Developing Believable Characters by Linda Lee Williams

You have a great idea for a novel…have even sketched out some details.  Now, you must decide: Who would be best suited to tell this story?  What viewpoints(s) should I use—first person, third person, multiple?  How can I align character and plot?

For me, it’s beneficial to have a clear vision of my main characters—physical descriptions, basic personalities, mannerisms, history, and how they would react in certain situations, given their particular backgrounds.  Before I begin a novel, I compile “dossiers” for my protagonists and antagonists.  Gathering data about my characters helps clarify who they are and how they will fit into the story.  Next, I try to match names to those personas.  To aid me in my selection, I rely upon those renowned books with over 40,000 baby names and their origins.  Sometimes, the underlying meaning of a name directs my preference and defines a character.

Often, conjuring up imaginary people proves challenging.  For further guidance, I “turn to the stars” and the twelve signs of the Zodiac.  From this wealth of astrological information, I borrow all of the traits I need for my cast of characters and even come up with their birthdays.  Also, researching a character’s profession, condition, or situation can offer additional enlightenment.  Once you invent your characters, they will most likely take on lives of their own—but it won’t be by accident.  You will have nurtured their existence.

In order to create sympathetic characters—ones that readers care about and can identify with—writers need to be sympathetic themselves.  As a rule, heroes and heroines should be likable, despite their shortcomings.  With villains, the dis-likable factor depends upon the story and who or what the antagonists are.  Fictional entities must be as real to us as our family and friends, and just as genuine.  If our characters remain true to their natures, then our plot will stay on course…and our protagonists will burrow into readers’ hearts, the same way they did ours.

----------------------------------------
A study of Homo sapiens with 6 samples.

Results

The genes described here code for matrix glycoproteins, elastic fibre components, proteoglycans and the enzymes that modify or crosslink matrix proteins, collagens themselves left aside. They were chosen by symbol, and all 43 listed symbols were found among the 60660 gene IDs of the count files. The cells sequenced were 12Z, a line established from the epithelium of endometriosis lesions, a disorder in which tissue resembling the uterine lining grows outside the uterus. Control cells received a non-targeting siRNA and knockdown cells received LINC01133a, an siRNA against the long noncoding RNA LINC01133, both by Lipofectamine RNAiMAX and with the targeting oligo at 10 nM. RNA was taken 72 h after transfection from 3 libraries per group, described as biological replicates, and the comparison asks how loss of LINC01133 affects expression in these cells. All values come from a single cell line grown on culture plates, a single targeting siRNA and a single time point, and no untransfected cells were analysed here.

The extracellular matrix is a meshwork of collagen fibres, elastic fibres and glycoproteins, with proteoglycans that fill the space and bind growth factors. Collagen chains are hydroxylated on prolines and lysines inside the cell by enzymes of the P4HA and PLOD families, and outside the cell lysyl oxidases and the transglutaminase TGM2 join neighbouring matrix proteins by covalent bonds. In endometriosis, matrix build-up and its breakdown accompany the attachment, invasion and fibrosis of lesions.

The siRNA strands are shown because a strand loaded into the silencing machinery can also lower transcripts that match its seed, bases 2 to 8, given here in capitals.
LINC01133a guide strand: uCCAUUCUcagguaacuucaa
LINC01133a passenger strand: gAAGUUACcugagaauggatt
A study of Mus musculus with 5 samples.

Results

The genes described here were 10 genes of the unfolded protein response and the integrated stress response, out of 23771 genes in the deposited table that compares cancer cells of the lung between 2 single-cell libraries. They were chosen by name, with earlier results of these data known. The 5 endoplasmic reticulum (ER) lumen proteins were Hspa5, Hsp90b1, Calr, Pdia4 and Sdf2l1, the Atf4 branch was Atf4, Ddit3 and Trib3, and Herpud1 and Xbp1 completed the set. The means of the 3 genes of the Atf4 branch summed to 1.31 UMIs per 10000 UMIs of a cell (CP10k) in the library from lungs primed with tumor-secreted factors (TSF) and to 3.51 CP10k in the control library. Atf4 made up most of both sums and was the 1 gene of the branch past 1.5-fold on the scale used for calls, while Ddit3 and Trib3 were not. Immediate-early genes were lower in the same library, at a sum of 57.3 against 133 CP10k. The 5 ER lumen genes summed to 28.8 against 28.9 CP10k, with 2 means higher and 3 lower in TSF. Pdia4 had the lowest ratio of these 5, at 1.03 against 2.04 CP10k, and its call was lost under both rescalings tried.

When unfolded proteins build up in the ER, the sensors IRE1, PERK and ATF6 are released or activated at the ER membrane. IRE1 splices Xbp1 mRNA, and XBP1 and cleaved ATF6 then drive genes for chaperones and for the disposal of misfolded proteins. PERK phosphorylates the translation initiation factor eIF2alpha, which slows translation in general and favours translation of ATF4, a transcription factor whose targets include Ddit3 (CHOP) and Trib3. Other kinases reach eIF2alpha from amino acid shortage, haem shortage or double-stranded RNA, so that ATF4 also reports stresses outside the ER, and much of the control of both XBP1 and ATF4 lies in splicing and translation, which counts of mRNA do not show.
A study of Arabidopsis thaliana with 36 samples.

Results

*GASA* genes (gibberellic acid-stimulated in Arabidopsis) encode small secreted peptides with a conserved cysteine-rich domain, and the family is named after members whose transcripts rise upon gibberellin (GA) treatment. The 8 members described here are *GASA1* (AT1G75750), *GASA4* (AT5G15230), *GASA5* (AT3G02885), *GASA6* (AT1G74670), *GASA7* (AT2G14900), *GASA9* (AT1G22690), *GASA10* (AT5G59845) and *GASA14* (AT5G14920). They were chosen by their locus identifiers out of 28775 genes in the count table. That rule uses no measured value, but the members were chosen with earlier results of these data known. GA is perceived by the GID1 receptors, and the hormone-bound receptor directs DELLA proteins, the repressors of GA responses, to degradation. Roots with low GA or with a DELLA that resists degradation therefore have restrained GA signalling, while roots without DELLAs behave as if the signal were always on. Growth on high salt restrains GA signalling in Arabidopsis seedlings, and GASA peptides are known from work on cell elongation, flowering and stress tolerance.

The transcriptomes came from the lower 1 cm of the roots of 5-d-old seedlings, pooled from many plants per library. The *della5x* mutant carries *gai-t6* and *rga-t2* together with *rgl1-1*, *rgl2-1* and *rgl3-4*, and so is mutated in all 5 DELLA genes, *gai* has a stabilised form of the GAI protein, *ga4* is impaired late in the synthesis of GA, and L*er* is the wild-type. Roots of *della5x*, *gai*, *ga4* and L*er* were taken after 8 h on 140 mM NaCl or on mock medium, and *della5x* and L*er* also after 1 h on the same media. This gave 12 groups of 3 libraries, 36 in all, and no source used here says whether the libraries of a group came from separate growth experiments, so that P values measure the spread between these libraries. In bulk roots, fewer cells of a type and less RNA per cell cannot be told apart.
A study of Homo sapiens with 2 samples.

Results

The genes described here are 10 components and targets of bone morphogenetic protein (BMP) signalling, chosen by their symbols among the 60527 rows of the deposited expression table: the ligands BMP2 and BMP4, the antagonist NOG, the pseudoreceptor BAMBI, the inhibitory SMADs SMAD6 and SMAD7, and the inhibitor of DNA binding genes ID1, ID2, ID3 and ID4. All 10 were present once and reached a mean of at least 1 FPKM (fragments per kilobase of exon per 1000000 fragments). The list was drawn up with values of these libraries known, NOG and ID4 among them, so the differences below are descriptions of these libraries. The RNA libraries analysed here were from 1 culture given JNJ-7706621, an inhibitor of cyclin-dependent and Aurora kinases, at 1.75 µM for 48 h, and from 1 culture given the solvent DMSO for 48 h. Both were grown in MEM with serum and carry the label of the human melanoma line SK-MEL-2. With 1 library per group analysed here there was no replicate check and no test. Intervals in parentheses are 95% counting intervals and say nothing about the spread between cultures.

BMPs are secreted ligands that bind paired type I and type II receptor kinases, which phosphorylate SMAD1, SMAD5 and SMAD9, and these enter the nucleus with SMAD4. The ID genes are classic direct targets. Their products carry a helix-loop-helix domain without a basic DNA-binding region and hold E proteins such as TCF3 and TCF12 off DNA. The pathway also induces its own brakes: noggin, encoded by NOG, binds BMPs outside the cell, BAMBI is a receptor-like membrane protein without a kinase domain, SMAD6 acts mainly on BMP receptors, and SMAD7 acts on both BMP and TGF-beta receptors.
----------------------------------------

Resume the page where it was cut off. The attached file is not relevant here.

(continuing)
Although this is my blueprint for developing believable characters, other authors utilize different techniques.  I appreciate the opportunity to share mine!

Guest Blogger Bio

Linda Lee Williams lives in Denver, Colorado, with her husband, Tim—the artist that illustrated her book covers—and their sweet dog, Bart.  Over the years she’s taught creative writing classes, hosted a writer’s group, and written a variety of paranormal romances.  To date, she has two published novels: Elsewhere and Old Town Nights.


  2. Linda, I agree so much with your techniques of developing your novel characters, and indeed I generally follow much the same process myself. However, there's just one thing I choose to do rather differently to make them a little more true to life. I feel it's quite realistic to give one's main protagonist/s believable faults. After all, most of us do have them, even if they're only very small character flaws... to my mind they show they are all the more rounded sort of characters for having and portraying these faults in various ways. Then of course during the process of the book they are able to go on a kind of journey of self discovery within the plot's twists and turns. I find, like real people they eventually learn so much about themselves and how to inter act more naturally (warts and all) with others within the storyline... just as people do in real life. Would like to know what you think about this character development?